Articles on Exclusive Psalmody

The Practice of Piety at Evening.

At evening when the due time of repairing to rest approaches, call together again all thy family; read a chapter in the same manner that was prescribed in the morning; then, in a holy imitation of our Lord and his disciples, sing a psalm [Mat. 26:30; Mark 14:26]. But in singing of psalms, either after supper, or at any other time, observe these rules:
Rules to be observed in Singing of Psalms.

1. Beware of singing divine psalms for an ordinary recreation, as do men of impure spirits, who sing holy psalms intermingled with profane ballads. They are God’s word: take them not in thy mouth in vain.

2. Remember to sing David’s psalms with David’s spirit (Matt. 22:43) [i.e. seeing Christ in the psalms].

3. Practice St. Paul’s rule—”I will sing with the spirit, but I will sing with the understanding also.” (1 Cor. 14:15).

4. As you sing uncover your heads (1 Cor. 11:4), and behave yourselves in comely reverence as in the sight of God, singing to God in God’s own words; but be sure that the matter make more melody in your hearts (Eph. 5:19; Col. 3:16) than the music in your ear. For the singing with grace in our hearts is that which the Lord is delighted withal, according to that old verse:

Tis not the voice, but vow;
Sound heart, not sounding string;
True zeal, not outward show,
That in God’s ear doth ring.

5. Thou mayest, if thou thinkest good, sing all the psalms over in order, for all are most divine and comfortable; but if thou wilt choose some special psalms, as more fit for some times and purposes, and such as, by the oft usage, thy people may the easier commit to memory.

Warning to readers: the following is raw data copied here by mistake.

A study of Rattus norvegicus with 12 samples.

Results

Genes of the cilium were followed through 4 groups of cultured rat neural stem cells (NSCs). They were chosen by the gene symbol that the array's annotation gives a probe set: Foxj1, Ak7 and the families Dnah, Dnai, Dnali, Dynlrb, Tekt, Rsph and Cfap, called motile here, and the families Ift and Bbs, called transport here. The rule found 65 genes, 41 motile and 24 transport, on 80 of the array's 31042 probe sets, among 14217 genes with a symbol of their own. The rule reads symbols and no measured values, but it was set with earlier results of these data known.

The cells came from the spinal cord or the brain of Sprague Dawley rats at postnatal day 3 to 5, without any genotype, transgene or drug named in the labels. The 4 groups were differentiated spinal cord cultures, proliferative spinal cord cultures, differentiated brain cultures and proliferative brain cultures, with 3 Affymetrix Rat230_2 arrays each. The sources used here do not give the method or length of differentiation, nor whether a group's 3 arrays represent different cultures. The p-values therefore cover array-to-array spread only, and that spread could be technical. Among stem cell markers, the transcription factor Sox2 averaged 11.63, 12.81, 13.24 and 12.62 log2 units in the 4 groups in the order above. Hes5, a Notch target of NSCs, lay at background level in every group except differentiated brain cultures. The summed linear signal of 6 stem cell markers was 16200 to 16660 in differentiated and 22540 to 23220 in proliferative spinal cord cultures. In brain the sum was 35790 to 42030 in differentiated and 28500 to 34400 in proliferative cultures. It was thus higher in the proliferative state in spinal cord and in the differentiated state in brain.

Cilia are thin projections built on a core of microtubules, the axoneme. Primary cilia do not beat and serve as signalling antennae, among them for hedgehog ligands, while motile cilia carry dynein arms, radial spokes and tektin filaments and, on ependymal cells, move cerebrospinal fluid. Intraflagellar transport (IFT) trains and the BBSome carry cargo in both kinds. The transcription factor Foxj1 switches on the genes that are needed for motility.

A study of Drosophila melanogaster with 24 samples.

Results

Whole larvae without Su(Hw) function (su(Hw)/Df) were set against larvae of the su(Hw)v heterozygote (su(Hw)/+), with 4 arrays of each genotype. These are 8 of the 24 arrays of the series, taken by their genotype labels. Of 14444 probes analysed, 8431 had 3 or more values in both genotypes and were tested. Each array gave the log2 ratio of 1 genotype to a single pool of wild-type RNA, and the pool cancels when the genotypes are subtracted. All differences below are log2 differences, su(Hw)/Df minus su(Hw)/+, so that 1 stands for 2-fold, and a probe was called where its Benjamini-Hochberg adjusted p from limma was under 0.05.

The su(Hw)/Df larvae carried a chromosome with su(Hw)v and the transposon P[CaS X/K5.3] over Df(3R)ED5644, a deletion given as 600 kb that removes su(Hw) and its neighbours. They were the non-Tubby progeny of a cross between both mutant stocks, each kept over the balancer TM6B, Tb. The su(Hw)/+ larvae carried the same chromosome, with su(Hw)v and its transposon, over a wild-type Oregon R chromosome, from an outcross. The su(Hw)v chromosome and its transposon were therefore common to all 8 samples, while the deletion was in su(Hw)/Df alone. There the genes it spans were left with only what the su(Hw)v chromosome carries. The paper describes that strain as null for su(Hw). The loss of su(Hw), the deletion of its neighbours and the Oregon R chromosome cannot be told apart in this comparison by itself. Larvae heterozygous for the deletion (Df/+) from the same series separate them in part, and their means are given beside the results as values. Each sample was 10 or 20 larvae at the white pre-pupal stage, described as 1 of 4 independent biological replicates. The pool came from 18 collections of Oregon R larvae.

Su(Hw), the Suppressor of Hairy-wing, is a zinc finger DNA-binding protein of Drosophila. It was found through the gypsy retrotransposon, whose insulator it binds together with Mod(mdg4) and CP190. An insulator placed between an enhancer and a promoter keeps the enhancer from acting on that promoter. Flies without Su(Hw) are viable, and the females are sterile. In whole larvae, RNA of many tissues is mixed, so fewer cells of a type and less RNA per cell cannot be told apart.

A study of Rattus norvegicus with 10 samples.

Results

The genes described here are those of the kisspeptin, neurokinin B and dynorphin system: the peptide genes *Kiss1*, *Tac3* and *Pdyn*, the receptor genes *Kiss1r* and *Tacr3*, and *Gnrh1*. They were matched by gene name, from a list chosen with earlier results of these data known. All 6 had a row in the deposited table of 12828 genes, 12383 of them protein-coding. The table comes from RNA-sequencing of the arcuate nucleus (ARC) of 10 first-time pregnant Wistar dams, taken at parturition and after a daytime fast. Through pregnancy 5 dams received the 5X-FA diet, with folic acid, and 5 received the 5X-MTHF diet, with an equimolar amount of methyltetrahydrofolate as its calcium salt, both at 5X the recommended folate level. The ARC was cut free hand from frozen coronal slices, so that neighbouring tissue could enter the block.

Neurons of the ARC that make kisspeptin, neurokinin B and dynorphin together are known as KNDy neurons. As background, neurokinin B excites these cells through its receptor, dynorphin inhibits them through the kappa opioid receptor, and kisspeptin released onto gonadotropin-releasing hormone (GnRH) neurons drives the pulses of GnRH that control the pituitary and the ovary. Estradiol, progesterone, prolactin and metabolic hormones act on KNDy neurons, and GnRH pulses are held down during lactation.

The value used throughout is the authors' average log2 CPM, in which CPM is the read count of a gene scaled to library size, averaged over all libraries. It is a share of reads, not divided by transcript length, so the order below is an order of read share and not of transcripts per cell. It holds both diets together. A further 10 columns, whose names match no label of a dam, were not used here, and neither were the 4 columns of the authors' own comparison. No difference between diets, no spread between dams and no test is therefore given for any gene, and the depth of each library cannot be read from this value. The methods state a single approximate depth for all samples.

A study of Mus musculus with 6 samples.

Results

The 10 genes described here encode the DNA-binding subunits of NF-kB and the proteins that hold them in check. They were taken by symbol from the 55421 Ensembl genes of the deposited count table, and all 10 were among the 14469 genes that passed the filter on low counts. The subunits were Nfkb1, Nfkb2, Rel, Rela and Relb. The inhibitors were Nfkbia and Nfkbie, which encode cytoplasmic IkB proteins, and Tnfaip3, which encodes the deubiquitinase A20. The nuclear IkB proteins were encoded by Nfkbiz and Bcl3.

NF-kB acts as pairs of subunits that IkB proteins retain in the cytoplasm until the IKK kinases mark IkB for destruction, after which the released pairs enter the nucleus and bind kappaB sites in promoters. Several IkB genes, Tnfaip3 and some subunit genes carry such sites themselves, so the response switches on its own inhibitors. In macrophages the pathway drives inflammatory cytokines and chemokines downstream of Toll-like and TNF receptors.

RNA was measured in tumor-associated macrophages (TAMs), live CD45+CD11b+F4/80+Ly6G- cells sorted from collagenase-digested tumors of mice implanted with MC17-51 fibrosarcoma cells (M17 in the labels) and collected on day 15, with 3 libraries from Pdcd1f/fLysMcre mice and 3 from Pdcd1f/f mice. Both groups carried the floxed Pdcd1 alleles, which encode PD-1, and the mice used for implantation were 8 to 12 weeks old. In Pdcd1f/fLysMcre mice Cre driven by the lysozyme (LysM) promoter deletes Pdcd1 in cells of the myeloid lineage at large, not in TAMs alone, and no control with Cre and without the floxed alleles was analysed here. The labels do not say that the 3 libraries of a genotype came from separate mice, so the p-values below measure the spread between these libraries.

Then sing:

In the morning, Psalms 3, 5, 16, 22, 144.
In the evening, Psalms 4, 127, 141.
For mercy after a sin committed, Psalms 51, 103.
In sickness or heaviness, Psalms 6, 13, 88, 90, 91, 137.
When thou art recovered, Psalms 30, 32.
On the Sabbath day, Psalms 19, 92, 95.
In time of joy, Psalms 80, 98, 107, 136.
Before sermon, Psalms 1, 12, 147, and the 1st and 5th parts of the 119th.
After sermon, any Psalms which concerneth the chief argument of the sermon.
At the communion, Psalms 22, 23, 103, 111, 116.
For spiritual solace, Psalms 15, 19, 25, 46, 67, 112, 116.
After wrong and disgrace received, Psalms 42, 69, 70, 140, 144.

After the psalm, all kneeling down in a reverent manner, as is before described, let the father of the family, or the chiefest in his absence, pray… Then saluting one another, as becometh Christians who are the vessels of grace, and temples of the Holy Ghost, let them in the fear of God depart every one to his rest: using some of the former private meditations for evening.